Langston Hughes, an enduring icon of the Harlem Renaissance, is best-known for his written work, which wedded his fierce dedication to social justice with his belief in the transformative power of the word. But he was a music lover, too, and some of the works he was most proud of were collaborations with composers and musicians.
"An artist must be free to choose what he does, certainly, but he must also never be afraid to do what he might choose." - Langston Hughes
To celebrate the 110th birthday, WRTI 90.1 brings you I, Too, Sing America: Music In The Life Of Langston Hughes, a one-hour special that shines a light on Hughes's lesser-known musical compositions. Sunday, February 17 at 4 PM.
The show dives into the songs, cantatas, musicals and librettos that flowed from Hughes’ pen. As he did with his poetry, Hughes used music to denounce war, combat segregation and restore human dignity in the face of Jim Crow. His musical adventures included writing lyrics for stage pieces such as Black Nativity and Tambourines to Glory, works that helped give birth to the genre of Gospel Play, as well as songs for radio plays and political campaigns, and the libretto for Kurt Weill’s Street Songs.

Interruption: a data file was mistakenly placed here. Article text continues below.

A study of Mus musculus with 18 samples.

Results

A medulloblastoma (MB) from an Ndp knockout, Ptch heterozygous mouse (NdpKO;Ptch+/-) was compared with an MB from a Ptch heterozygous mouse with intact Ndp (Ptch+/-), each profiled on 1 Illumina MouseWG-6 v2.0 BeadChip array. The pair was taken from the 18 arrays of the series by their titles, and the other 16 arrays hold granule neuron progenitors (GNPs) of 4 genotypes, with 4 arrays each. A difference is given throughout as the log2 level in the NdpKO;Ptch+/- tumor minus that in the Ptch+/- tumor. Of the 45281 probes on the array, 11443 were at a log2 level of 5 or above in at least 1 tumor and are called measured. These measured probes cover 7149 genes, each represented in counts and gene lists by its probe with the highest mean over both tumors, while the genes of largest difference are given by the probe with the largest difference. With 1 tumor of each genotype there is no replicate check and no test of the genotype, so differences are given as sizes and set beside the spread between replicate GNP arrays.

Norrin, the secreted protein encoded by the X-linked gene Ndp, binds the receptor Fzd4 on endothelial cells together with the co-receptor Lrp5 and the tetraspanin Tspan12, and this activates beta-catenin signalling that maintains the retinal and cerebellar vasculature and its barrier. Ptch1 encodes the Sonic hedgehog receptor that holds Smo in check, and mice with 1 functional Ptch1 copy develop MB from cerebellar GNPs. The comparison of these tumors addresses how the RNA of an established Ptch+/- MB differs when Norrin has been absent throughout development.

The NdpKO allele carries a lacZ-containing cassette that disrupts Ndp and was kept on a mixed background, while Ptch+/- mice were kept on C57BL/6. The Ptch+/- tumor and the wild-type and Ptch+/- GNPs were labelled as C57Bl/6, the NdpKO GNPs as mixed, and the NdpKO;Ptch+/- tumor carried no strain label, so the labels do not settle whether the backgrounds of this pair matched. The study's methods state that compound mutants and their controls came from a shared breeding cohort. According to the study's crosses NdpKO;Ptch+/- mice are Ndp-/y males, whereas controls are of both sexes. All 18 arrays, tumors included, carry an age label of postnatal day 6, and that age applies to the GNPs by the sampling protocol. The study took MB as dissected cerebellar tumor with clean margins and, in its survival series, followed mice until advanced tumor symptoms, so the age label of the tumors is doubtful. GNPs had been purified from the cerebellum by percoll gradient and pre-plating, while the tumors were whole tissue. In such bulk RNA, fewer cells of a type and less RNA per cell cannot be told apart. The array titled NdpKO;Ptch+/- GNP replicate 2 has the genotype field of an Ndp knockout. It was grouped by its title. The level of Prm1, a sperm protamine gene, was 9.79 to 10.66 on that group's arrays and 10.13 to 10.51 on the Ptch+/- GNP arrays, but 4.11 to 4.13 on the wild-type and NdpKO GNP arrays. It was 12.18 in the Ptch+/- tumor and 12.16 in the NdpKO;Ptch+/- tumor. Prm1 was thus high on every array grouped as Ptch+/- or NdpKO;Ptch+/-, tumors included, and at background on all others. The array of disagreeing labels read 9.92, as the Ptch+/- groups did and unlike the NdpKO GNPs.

I, Too, Sing America also tells the dramatic tale of Hughes’ collaboration with William Grant Still , hailed today as “the Dean of African American composers.”
For 15 years, against the backdrop of pre-Civil Rights racism, the two fought to see their opera become a reality. Their historic success came in 1949, when Troubled Island – which told the story of Haitian revolution leader Jean-Jacques Dessalines – was staged by the New York City Opera, becoming the first opera by African Americans to ever be staged by a major company.
The documentary includes recordings of select pieces of Hughes’ musical works, some of which were never performed again in their entirety after their original production. It will also feature archival interview tape of William Grant Still discussing Troubled Island.